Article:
Scientists Discover Rip Van Winkle Of The Plant World
RENEE MONTAGNE, HOST:
We're going to hear now about what could be thought of as the Rip Van Winkle of the plant world. Scientists have found examples of a kind of plant known as bryophytes. And after spending 400 years buried by a glacier, when the ice receded the plants started growing again.
NPR's Joe Palca has more.
JOE PALCA, BYLINE: Bryophytes don't get much respect. They're not the gaudy seed plants people plant in their gardens or give as gifts. Jonathan Shaw runs the bryology lab at Duke University.
JONATHAN SHAW: They're the kinds of things that you see covering a rotting log or, in some cases, in people's lawns. And they either love that because they don't have to mow the grass, or they hate that because it's taking over the lawn.
PALCA: Me, I love bryophytes. Probably the most famous bryophyte is moss. And moss has a habit of remaining green for a long time.
SHAW: After a hundred years, a moss may look perfectly natural and even retain it's green color.
PALCA: Shaw says one of the other amazing things about bryophytes is their ability to regenerate.
SHAW: There are examples of bryophytes regenerating after decades in a dried condition.
PALCA: So, Shaw wasn't totally surprised when he read in the latest issue of the journal PNAS what Catherine La Farge found on Ellesmere Island in the Canadian Arctic. She and her colleagues had been looking at what the Teardrop Glacier was leaving behind as it receded. And it recent years it's been receding rather rapidly.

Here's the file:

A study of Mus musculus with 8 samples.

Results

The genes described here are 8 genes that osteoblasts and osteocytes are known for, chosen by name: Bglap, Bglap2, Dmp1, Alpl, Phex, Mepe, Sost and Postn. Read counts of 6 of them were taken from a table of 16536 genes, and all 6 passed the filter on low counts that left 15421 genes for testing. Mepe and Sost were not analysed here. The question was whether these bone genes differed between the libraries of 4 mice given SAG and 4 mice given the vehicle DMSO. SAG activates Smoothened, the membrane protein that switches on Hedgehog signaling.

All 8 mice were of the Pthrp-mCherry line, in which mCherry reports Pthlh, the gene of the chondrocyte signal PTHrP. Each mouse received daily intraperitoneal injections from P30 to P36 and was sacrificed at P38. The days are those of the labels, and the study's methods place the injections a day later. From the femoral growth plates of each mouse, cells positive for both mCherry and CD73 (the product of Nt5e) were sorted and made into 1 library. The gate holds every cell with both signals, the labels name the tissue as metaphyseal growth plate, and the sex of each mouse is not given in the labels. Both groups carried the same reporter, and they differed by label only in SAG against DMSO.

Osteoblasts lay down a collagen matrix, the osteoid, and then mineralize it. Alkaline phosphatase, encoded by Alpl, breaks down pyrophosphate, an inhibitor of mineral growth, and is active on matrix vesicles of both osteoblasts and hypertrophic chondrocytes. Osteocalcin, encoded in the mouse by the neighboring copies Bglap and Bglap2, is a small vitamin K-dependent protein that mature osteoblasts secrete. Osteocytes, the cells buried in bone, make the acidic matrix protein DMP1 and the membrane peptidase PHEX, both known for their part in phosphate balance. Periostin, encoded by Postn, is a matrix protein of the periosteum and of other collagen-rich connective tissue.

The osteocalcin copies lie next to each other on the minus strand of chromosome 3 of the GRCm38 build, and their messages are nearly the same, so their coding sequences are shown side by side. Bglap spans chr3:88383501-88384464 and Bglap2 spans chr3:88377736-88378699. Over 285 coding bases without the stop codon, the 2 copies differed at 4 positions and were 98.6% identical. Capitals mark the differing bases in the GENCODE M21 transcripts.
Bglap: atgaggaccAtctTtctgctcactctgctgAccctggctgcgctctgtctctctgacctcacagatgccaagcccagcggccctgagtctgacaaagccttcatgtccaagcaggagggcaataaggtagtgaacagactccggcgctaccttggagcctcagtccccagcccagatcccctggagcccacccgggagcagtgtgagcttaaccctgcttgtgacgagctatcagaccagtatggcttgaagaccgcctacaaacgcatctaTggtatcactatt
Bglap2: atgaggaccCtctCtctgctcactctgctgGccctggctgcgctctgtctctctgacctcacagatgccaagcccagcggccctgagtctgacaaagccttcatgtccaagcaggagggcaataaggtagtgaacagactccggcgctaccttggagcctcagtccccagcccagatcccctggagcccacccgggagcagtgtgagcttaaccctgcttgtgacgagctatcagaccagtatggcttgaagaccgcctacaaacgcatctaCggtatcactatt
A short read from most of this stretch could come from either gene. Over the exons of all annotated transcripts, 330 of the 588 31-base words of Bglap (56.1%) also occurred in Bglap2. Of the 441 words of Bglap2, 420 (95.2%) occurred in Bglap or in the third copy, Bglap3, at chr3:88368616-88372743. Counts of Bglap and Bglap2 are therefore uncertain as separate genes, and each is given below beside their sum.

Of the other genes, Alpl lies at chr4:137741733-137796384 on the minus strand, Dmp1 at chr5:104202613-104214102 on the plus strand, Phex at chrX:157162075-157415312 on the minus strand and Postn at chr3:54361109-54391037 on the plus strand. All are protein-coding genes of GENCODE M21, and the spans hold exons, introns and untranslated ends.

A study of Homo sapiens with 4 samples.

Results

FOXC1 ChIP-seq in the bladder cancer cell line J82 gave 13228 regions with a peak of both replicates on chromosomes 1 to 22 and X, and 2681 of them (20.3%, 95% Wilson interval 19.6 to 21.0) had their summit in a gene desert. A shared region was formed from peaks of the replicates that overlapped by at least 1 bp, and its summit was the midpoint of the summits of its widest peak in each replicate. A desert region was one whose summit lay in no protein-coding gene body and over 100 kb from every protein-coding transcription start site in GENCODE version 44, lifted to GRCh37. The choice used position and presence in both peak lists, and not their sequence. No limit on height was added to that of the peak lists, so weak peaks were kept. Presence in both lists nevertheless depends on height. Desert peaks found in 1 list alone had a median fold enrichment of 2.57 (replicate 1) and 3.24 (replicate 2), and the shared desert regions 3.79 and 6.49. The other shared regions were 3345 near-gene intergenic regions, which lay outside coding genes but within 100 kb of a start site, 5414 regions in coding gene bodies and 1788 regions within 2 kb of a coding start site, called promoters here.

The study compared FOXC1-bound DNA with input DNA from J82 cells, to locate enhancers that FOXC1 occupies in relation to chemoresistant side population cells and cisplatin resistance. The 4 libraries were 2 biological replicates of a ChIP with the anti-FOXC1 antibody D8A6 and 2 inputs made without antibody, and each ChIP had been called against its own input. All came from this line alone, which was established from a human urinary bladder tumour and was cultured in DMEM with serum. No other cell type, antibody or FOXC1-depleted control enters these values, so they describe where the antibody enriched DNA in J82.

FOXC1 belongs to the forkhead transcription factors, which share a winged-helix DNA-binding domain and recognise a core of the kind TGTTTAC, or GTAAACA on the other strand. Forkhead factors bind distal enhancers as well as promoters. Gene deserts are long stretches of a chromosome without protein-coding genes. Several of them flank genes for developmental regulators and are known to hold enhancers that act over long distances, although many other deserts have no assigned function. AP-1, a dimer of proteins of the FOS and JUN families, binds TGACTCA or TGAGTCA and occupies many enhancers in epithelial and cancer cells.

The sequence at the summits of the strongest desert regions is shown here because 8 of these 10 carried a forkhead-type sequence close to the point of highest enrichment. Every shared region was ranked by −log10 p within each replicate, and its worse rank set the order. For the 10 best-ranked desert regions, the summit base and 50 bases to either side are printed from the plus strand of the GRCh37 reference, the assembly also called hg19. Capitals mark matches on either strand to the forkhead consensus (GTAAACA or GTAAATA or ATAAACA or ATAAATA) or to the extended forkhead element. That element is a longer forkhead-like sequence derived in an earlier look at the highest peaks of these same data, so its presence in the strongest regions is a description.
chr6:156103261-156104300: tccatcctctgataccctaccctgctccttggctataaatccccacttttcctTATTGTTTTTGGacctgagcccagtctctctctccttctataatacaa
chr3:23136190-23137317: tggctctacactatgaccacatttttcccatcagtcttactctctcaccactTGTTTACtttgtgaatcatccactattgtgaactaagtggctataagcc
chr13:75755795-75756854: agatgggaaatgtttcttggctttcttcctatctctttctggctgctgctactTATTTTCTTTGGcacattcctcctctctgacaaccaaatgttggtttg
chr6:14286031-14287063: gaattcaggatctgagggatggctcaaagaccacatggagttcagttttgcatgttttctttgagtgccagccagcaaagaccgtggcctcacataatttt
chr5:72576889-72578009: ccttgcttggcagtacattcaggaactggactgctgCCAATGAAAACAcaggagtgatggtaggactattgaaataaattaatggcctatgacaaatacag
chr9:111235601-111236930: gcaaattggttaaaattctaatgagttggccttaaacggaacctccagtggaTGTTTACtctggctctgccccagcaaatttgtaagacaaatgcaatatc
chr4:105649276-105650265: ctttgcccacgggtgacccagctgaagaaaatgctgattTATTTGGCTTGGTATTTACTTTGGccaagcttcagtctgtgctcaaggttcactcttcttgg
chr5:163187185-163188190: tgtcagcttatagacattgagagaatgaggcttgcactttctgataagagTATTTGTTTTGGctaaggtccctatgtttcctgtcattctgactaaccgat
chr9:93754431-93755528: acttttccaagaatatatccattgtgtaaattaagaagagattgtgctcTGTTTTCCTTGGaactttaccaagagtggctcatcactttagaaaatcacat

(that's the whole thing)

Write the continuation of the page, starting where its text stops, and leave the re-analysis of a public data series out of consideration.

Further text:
CATHERINE LA FARGE: It's like lifting a blanket.
PALCA: You get to see whatever was buried underneath.
FARGE: We were aware that there was vegetation coming out from underneath the glaciers but we had no idea that there was such a diversity of bryophytes that were actually coming out from underneath the glaciers.
PALCA: She took some of the bryophytes back to her lab in Alberta to learn what being entombed in ice for 400 years had done to them. La Farge knows bryophytes regenerate but she was still surprised when the saw that the plants she'd had brought back from the Arctic were growing.
FARGE: So we thought that is just pretty bizarre. Thinking that they had been exhumed from underneath a glacier and they are actually, you know, producing new growth.
PALCA: As more glacier recede around the world, La Farge says we are likely to see more bryophytes appearing and starting to grow again And if they can transform the rubbly landscape left behind by glaciers, they might finally get some respect.
Joe Palca, NPR News. Transcript provided by NPR, Copyright NPR.